In these days of heightened media awareness and manufactured access, it would be easy to lose Original Cast Album: “Company” in the mix. Or even be cynical about it. The idea of a documentary crew being in a recording session for the official soundtrack of a Broadway musical, or frankly any recording session, is not at all revolutionary. It’s the stuff that many a DVD extra is made of. One doesn’t have to reach back too long to remember a time in the ’00s when a bonus DVD packaged with a new CD showing the “making of” was a bit of a thing. Even if both CDs and DVDs sound like antique objects anymore.
We are so used to Electronic Press Kits and staged peeks behind the curtain, we are immune to them; they are forced publicity efforts, with any potential tension approved by the studio providing just enough seasoning to make it interesting before everyone agrees they had the best time ever. There is no such denouement for D.A. Pennebaker’s scintillating 1970 documentary Original Cast Album: “Company.” No apologies or resolution, just relief and accomplishment.
Originally planned as a pilot episode for a series, and clocking in at a scant 53 minutes, Original Cast Album: “Company” is bursting with drama and effort and all the anxiety and triumph both things engender. Taking place mostly in two rooms and almost entirely over one night, Pennebaker--best known for profiling Bob Dylan in Don’t Look Back [review]--sets up in the studio where, as the title suggests, the Broadway cast of Stephen Sondheim’s Company are laying down the musical’s tracks for posterity. The cast features personalities known (Disney stalwart Dean Jones, legendary performer Elaine Stritch) and unknown (not sure who that is on timpani, but they get an anonymous shout out). As take after take winds on, energies wind down, people become exhausted and the mood becomes fraught. But everyone carries on.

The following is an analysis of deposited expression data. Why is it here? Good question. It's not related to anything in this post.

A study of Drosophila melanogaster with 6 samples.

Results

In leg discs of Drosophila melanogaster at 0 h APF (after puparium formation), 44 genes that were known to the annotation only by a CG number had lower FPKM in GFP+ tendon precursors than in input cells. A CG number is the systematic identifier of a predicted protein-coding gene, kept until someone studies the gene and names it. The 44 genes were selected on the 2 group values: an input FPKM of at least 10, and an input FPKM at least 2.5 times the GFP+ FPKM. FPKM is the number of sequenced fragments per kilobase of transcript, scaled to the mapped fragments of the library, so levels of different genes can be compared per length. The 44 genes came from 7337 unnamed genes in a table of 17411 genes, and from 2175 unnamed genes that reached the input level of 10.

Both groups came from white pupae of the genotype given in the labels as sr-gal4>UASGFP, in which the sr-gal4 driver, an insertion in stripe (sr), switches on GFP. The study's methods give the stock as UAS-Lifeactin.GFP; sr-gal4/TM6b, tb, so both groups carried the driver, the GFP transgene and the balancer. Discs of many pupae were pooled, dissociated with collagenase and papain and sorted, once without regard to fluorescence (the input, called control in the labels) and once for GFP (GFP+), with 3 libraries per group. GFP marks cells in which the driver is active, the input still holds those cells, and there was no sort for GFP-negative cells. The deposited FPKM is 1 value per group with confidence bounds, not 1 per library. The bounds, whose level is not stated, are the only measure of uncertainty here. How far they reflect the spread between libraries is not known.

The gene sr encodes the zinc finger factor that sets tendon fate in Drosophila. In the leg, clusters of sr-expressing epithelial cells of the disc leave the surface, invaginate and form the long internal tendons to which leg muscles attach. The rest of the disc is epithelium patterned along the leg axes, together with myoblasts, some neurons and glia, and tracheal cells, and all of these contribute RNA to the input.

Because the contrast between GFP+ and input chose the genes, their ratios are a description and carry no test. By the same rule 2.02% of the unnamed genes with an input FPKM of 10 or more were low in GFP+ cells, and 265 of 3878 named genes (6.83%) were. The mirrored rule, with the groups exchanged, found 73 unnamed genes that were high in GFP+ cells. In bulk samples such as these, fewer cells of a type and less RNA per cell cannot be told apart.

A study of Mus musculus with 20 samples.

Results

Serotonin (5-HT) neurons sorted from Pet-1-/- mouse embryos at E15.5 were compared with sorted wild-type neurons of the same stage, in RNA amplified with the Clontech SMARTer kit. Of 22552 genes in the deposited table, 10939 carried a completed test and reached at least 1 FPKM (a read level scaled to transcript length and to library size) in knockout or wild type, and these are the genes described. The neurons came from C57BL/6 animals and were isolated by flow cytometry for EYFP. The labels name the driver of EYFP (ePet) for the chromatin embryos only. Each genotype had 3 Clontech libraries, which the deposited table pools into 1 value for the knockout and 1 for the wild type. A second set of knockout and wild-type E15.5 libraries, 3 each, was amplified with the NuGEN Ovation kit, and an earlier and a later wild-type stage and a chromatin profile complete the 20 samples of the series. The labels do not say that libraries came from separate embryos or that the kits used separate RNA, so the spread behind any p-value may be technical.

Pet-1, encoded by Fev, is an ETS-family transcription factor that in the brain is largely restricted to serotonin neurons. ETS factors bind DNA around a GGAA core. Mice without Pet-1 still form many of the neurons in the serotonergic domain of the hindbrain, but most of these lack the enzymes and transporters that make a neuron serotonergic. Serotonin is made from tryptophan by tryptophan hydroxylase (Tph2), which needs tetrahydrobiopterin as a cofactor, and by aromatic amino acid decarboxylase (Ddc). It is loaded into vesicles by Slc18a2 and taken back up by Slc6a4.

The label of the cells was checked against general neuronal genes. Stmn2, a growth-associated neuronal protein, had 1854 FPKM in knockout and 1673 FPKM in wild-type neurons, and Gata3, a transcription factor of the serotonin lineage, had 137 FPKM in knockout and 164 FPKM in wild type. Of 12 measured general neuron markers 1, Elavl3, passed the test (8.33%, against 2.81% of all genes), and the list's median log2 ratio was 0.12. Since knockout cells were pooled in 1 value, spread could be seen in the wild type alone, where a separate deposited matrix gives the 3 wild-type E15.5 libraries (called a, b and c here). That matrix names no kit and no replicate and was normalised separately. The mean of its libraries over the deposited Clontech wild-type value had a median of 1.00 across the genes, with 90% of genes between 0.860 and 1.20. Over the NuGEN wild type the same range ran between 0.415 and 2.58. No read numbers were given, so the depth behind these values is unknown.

Which is really what is fascinating about Original Cast Album: “Company.” This thing they are doing is a job as much as it is an art. People clock in and perform a task, and despite the egos involved, appear for the most part to be willing to do it together, a cast of craftsmen endeavoring for a common goal. It’s a helluva thing. The other night I saw the L.A. Philharmonic perform with H.E.R., a show in which the orchestra also served as an opening act. There were some folks in the audience who apparently thought the classical music was there to provide accompaniment to their conversation, and all I could think was, “Don’t you see? There is a stage full of people down there using specific man-made objects to create one sound. Isn’t that awesome?” It’s hard not to look at this, especially in the group numbers when everyone is adding their part to the big sound, and think the same.
Much is made of Sondheim’s perfectionist muttering, but really, you can see a desire to get it right in just about everyone else. They are striving, judging, worrying--everyone wants the same perfection. Most famous, of course, is Stritch pushing herself to the limit to put Company’s showstopper, “Ladies Who Lunch,” on tape. The mind boggles as to why the producers saved that until the end of the session, when the actress is spent. It’s painful to watch Stritch wrestle with her own demons, and the mounting tension when she’s just not getting it.
Modern documentarians, eager to promote the product, would put a narrative on this. They’d cut away to commentators and one-on-one interviews, but outside of one short confessional by Sondheim, Pennabaker keeps Original Cast Album: “Company” in the action. We will hear the song more than once because it took more than once to get the best take. That’s the whole point of being there. This is why Original Cast Album: “Company” has stayed in the collective unconsciousness, and why the comedy series "Documentary Now!" took the film on for their episode “Original Cast Album: Co-Op.” Penned by John Mulaney, Fred Armisen, and Seth Meyers, the program has been included on this release. Watching it again, seeing the parody back-to-back with its inspiration, I actually had the same appreciation for the cast and crew behind the homage. It, too, must have required a lot of hard work and a group passion to make the imitation so exact and the comedy so sharp.
So here it is, to be discovered anew. Original Cast Album: “Company” has been lovingly restored and spruced up with deep-diving supplements. It's a snapshot of a moment in time for these particular artists, but also for Broadway and the recording industry, for a way of doing things that doesn't necessarily happen anymore and a way of seeing how those things are done that rarely aligns with the spotlight.